Recently I asked Allen about what he saw as the future of branding in a society where almost all the information would be easily findable and the concept of “myth” fades away?
His response is focused, here is what he believes -
Every smart organization knows that the “myth” of a brand fades as soon as a consumer realizes that the promise of the brand is not being delivered as expected. Easily findable information merely speeds up the process by which brands are outed as frauds. Strong, successful brands are not built on myths, but on clearly communicating and demonstrating what makes them relevantly different - and better - than the competition. Contrary to your premise, the more information consumers have access to, the more important branding becomes. Brands are short cuts. They help consumers make personally meaningful choices. In a world of information overload, consumers are looking for ways to simplify and speed up the process of deciding which brand is better suited to their needs. If you’re in the market for a digital camera, for example, you now have access to tons of information; which cameras have the highest mega-pixel rating, the largest zoom, the most memory, the longest battery life, the fastest downloading speed. If a brand organization is doing its job well, the branding, no matter what form or format it takes, will help you determine which brand is best for your needs. “I’m going to buy a Nikon because the company designs products for people who are really into their pictures, or I’m going to buy a Sony because it will better integrate with my laptop.”The functionality and service components of the camera, which are also considered important aspects of the branding, will validate your choice. While some brands may start out mythic in nature, myth has never sustained a brand long term. A strong brand is based on a simple, well-defined promise of relevant differentiation and a history of delivering on this promise as expected.
For those who are provoked or thought provoked, they can comment here and they might find more to mull over and debate in his new book Brand Digital:Simple Ways Top Brands Succeed in the Digital World.
Thursday, September 11, 2008
Thursday, September 04, 2008
I was amazed to read what Damien brought to my notice through his post “Lewis Hamilton and Heikki Kovalainen at your fingertips” on Crave - The Technology Blog from CNET Asia. As you'd read in what Damien has written in his post “a passerby at the Hugo Boss store in Singapore, can interact with Lewis and Heikki, access an array of information about Team Vodafone McLaren, F1-related movies, picture gallery and technical data of the race car and steering wheel - and all this from the outside of the store through a large interactive display which has been fused into the glass surface of display window. In other words the plain transparent glass is now reflecting images and is touch sensitive! This seems to be a simple display and to many readers it may be just an extension of the LCD or Plasma displays which are also quite thin. However to me it is no less than a breakthrough! I would not dwell too much on how exactly this technology works. It uses optical technology, you can find out more here Ubiq'window. What I would like to share with you here is what excites me about this breakthrough. I believe what we have achieved here is the ability to project an image on a surface that is transparent! In terms of a parallel, I think it is like having a Television screen that you can see through. This is a significant point of departure. Finally we can give different meanings (project different images) even to transparent surfaces.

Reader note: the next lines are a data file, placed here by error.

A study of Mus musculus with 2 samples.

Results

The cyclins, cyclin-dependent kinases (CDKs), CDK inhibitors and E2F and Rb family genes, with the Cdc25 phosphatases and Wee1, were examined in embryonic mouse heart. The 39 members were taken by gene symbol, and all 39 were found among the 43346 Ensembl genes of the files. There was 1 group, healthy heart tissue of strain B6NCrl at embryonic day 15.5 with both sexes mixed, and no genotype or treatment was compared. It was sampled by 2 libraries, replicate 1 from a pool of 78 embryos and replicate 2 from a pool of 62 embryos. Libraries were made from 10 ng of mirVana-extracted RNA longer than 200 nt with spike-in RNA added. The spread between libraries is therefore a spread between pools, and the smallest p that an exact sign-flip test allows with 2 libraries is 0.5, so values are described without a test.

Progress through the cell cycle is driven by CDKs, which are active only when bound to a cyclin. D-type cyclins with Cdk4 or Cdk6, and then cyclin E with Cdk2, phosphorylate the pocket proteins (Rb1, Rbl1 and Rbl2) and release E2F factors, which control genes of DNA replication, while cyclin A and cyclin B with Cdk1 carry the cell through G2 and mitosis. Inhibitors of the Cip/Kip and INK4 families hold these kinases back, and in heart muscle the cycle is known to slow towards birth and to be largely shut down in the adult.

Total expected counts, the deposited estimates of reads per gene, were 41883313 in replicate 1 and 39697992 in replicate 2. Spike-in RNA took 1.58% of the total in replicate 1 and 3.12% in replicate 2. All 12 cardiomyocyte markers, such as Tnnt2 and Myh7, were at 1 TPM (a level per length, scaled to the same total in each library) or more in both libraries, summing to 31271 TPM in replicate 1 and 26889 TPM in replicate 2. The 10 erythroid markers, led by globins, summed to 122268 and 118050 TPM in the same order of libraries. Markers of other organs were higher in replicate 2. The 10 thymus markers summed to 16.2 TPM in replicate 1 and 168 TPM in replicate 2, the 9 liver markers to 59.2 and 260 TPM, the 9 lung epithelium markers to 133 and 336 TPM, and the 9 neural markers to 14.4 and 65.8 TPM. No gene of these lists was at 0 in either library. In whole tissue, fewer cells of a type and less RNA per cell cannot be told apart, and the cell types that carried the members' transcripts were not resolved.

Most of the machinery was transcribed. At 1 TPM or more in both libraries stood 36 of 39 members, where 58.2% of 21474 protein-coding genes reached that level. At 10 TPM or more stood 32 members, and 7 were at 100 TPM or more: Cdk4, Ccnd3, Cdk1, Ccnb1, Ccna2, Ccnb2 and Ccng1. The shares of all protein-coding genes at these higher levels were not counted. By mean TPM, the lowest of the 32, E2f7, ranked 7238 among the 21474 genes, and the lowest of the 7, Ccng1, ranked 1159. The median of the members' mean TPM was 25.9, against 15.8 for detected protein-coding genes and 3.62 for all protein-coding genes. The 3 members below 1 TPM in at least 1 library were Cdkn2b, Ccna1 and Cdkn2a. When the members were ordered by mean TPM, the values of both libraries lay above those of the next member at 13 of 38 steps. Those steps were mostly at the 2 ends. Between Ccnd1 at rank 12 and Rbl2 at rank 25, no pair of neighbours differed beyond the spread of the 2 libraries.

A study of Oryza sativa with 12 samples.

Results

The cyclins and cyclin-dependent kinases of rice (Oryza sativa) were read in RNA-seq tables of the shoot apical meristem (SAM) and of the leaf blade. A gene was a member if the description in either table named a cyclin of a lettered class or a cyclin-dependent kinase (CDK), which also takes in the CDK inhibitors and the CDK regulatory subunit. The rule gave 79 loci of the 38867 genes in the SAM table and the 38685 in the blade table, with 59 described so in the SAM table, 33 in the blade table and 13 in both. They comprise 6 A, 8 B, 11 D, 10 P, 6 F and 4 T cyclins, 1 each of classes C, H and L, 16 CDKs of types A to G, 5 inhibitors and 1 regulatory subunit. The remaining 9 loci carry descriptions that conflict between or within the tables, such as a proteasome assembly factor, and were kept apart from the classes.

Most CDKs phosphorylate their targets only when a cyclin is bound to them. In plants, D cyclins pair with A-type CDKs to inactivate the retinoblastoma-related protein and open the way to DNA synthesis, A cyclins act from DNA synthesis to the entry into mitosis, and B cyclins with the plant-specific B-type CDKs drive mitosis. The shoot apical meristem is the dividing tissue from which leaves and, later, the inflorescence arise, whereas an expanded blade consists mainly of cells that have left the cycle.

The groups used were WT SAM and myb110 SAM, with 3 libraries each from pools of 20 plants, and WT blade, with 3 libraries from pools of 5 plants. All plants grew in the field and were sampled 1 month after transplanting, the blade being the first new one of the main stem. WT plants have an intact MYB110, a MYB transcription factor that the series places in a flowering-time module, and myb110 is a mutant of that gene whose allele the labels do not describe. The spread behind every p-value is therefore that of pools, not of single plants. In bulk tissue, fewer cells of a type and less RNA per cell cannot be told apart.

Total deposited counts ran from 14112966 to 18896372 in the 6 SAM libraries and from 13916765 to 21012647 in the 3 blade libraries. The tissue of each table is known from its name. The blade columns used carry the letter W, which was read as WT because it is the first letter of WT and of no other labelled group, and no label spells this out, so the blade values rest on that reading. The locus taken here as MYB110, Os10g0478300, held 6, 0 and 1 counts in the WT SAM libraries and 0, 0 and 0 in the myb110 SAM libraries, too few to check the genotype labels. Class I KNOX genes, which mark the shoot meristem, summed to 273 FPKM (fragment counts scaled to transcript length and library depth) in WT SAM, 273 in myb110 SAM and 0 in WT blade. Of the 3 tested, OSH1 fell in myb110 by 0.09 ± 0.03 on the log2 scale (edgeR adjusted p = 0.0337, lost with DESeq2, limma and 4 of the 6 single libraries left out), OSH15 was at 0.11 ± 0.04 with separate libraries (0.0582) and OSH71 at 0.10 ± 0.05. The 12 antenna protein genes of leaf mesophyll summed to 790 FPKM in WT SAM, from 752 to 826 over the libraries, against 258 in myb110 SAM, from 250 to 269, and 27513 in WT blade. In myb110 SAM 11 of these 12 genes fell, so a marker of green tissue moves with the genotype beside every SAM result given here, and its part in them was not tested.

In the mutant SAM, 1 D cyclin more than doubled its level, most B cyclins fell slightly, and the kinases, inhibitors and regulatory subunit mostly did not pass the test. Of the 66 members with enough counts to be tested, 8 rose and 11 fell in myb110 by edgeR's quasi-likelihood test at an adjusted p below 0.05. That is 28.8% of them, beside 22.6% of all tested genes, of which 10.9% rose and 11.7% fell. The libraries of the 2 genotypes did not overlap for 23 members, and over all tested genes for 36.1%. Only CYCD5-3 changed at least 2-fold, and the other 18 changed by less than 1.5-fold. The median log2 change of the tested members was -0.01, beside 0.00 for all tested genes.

I can visualize it being used as a screen that can be viewed from both the sides. I have not seen it myself yet but I assume if the passerby at the Hugo Boss store went inside and looked at the screen he still would be able to view the screenOne of the most potent applications that I can think of is Windows with a view – 24x365. Be it a cloudy say or Beijing haze, be it sharp sunshine or a heavy downpour – this can give us the choice to adjust the view from our window as we wake up in the morning and look ‘outside’. . It can mimic nature and display different things to trigger different views. The simple analog window can now even be a digital photo album.Other than these novel applications, I can see this as a smart move by Hugo Boss because not many luxury/fashion brands are seen to be high tech or innovative in that sense. This kind of initiative helps them be perceived as being ahead of others on the digital curve.
To me there is one more thing that Ubiq’Window’s new technology brings about – it turns the concept of outside and inside or the idea of front and back on its head. Imagine how a television based on this technology might be placed in our home. It no longer would have to have its back to the wall. Now it can very much be in the center because there is no blind spot the way present day TV sets have. It can bring about a dramatic shift in the way we lay out the sitting/viewing space in our homes. The couch, sofa, chair, bed or anything to sit or lie down no longer needs to look towards the TV set. I can free home décor from the shackles of traditional viewing paradigm. Freedom!
To me this tehnology seems to be more domesticable than multi touch breakthroughs like the one you see in the video below. Becasuse thse multi touch technologies still look at the screen or display from one side. The other side is assumed to be for wires sockets so on an so forth. ">
This technology from Ubiq'window. is still in its early days and I am sure there is time before it can stabilize in more ways than one. For example the projection apparatus hanging from the ceiling can get smaller. However I feel that this technology has the potential to bring about dramatic change in the way we live and hear and watch and feel - sounds, images and life!